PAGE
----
Columbia Countys elementary Spanish programs, threatened by changes in the structure of school enrichment, now enjoy the renewed attention of Geor-gia state School Superinten-dent Linda Schrenko.
Before Stevens Creek was a gleam in the eye of my wife, who is now the schools principal, I accompanied Schrenko to a kindergarten class to observe a Spanish lesson. Schrenkos department had piloted the elementary foreign language program in more than two dozen Georgia schools.
That visit, and subsequent experiences, made me a believer - not only in early-age foreign language instruction, but in creatively tailoring schools to fit the needs of their populations. The latter point is especially important as the future of elementary foreign language is in doubt.
The issue arose when school officials began studying the allocation of enrichment teachers -art, music, physical education and foreign language. The smallest schools have proportionately more enrichment staff than larger schools, so a study committee recommends changing to an equitable, population-based formula.
Thats fair. But the committee then swerved into micromanagement, recommending not just how many teachers each school should have, but demanding uniformity in the use of those teachers.
This report is now disingenuously portrayed as leaving ample room for Stevens Creek and four other schools to continue foreign language programs. Sure, they can keep Spanish - but only if they can make their square peg fit into the tiny round hole the committee leaves in the school day.
Local funding is not an issue, because every school gets the same per-student share of local tax money. Stevens Creek and South Columbia have run Spanish programs with state grants and contributions from parents. The only county money used is through each schools creative juggling of existing funds for enrichment staff.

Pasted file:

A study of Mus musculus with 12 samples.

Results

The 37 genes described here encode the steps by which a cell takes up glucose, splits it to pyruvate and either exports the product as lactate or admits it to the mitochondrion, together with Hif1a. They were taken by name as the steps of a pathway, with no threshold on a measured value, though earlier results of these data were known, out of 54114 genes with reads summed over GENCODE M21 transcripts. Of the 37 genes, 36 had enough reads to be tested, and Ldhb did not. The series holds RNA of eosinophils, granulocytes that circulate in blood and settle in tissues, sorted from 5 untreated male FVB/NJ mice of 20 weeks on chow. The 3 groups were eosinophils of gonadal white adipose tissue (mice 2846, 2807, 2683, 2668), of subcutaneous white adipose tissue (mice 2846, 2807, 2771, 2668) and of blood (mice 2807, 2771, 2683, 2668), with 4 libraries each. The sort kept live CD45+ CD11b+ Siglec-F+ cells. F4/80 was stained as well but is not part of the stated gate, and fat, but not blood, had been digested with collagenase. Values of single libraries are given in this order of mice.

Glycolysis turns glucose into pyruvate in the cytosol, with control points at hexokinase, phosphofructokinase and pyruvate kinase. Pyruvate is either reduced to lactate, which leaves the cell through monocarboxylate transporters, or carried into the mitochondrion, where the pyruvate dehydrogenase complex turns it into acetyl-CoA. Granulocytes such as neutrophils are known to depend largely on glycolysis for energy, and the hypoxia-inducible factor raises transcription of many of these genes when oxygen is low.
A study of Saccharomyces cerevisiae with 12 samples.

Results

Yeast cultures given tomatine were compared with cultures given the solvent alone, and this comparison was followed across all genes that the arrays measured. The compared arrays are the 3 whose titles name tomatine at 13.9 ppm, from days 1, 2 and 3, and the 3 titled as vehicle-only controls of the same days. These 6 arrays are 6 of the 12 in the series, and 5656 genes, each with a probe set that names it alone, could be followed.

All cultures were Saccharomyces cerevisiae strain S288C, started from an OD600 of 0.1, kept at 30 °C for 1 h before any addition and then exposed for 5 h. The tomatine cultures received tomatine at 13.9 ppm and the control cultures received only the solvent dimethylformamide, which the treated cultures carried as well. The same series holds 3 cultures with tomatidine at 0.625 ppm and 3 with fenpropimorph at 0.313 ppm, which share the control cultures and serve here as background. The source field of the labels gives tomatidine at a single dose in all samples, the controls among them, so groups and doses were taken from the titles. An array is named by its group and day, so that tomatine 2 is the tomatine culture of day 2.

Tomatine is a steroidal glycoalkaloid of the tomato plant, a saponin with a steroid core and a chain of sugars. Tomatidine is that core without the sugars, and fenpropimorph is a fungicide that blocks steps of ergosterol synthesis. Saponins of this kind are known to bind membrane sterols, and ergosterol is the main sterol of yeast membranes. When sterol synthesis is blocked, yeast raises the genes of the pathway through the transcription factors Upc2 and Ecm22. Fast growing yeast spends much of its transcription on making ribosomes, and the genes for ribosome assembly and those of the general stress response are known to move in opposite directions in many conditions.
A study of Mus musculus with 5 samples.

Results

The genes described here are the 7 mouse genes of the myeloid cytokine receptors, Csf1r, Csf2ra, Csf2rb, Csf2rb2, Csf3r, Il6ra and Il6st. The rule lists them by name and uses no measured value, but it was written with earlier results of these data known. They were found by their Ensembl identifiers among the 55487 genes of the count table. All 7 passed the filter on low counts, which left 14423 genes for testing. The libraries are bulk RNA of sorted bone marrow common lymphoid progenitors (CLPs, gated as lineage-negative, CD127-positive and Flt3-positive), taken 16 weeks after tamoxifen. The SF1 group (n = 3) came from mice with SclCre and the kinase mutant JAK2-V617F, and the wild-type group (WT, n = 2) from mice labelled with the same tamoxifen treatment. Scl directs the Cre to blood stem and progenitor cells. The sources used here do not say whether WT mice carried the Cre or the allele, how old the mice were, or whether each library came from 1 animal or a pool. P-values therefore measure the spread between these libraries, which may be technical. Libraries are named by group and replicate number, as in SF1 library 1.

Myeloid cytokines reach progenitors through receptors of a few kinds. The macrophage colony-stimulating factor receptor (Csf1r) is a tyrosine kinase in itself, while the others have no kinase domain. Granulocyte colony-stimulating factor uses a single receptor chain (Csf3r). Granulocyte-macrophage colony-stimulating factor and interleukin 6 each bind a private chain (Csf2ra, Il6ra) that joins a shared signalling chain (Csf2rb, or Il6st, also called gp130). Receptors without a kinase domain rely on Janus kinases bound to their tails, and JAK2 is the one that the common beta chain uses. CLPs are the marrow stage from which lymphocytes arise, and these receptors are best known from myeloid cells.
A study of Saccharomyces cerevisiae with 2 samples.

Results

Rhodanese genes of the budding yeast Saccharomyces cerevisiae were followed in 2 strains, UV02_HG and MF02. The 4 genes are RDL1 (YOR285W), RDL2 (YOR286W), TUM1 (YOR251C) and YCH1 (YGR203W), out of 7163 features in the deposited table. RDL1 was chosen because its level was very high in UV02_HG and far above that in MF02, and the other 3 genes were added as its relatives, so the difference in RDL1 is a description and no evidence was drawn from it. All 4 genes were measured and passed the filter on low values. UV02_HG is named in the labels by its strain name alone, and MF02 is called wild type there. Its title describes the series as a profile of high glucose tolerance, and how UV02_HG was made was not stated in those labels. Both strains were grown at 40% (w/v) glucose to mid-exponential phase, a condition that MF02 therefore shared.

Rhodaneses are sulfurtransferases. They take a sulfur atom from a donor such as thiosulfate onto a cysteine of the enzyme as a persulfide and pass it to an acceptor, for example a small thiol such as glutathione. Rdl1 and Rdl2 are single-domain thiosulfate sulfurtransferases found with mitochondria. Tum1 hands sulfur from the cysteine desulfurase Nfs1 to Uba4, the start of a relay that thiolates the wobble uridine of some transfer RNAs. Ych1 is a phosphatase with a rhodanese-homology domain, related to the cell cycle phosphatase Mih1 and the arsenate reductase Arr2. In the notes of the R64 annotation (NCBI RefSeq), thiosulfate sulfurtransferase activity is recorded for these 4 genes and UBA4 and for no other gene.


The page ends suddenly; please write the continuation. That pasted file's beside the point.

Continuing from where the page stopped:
It cant be emphasized enough: Stevens Creek is meeting all state and county requirements using the same share of funding given to every school in the system. No more, no less.
So the change isnt about money. And it isnt about academics, either; in fact, the debate would be moot if academics suffered because of elementary foreign language. Instead, if academics drove the debate, we would hear some uncomfortable truths that were revealed the same day the School Board heard the committee report.
ome information is in a letter from Schren-kos office, informing the system how much federal Title I funding it will receive next year. The other source is the school systems newsletter, Educationally Speaking, mailed to Colum-bia County residents. Together, the two items provide remarkable revelations.
Two federal studies of the Title I program demonstrate that the infusion of federal money - more than $120 billion since 1965 - has failed to narrow the gap between low-income and higher-income schools in the United States.
Standardized test scores, included in the county newsletter, mirror this stark reality. The Title I elementary schools are perpetually the countys lowest-performing. Even so, next year those schools will share $1.37 million in federal funds - extra money that the rest of the schools dont get.
Students at just one of those four schools receive Spanish instruction; more of the students at that school, North Columbia, exceed state standards in reading on the Criterion Reference Competency Test than any of the other three. At the very least, students arent being hurt acad-emically because of Spanish.
If the school system wants to enforce uniformity, then it should prove schools that are doing something different are suffering as a result. Test scores show the opposite. On the CRCT, 99 percent of Stevens Creek students meet or exceed reading standards; next in rank is Evans Elementary - which also has a Spanish program.
f the purpose of change is mandated mediocrity, then by all means make it more difficult for individual schools to challenge students with unique programs. But if the objective is to improve every school, then make it easier to use proven programs in exemplary schools, thereby providing an example for struggling schools to follow.
Columbia County trustees will have to decide which path to take. Linda Schrenko, a veteran in the fight against one-size-fits-all school re-form, can lead the way.
(Barry L. Paschal is opinions editor of The Columbia County News-Times. E-mail comments to barrypaschal@ yahoo.com.)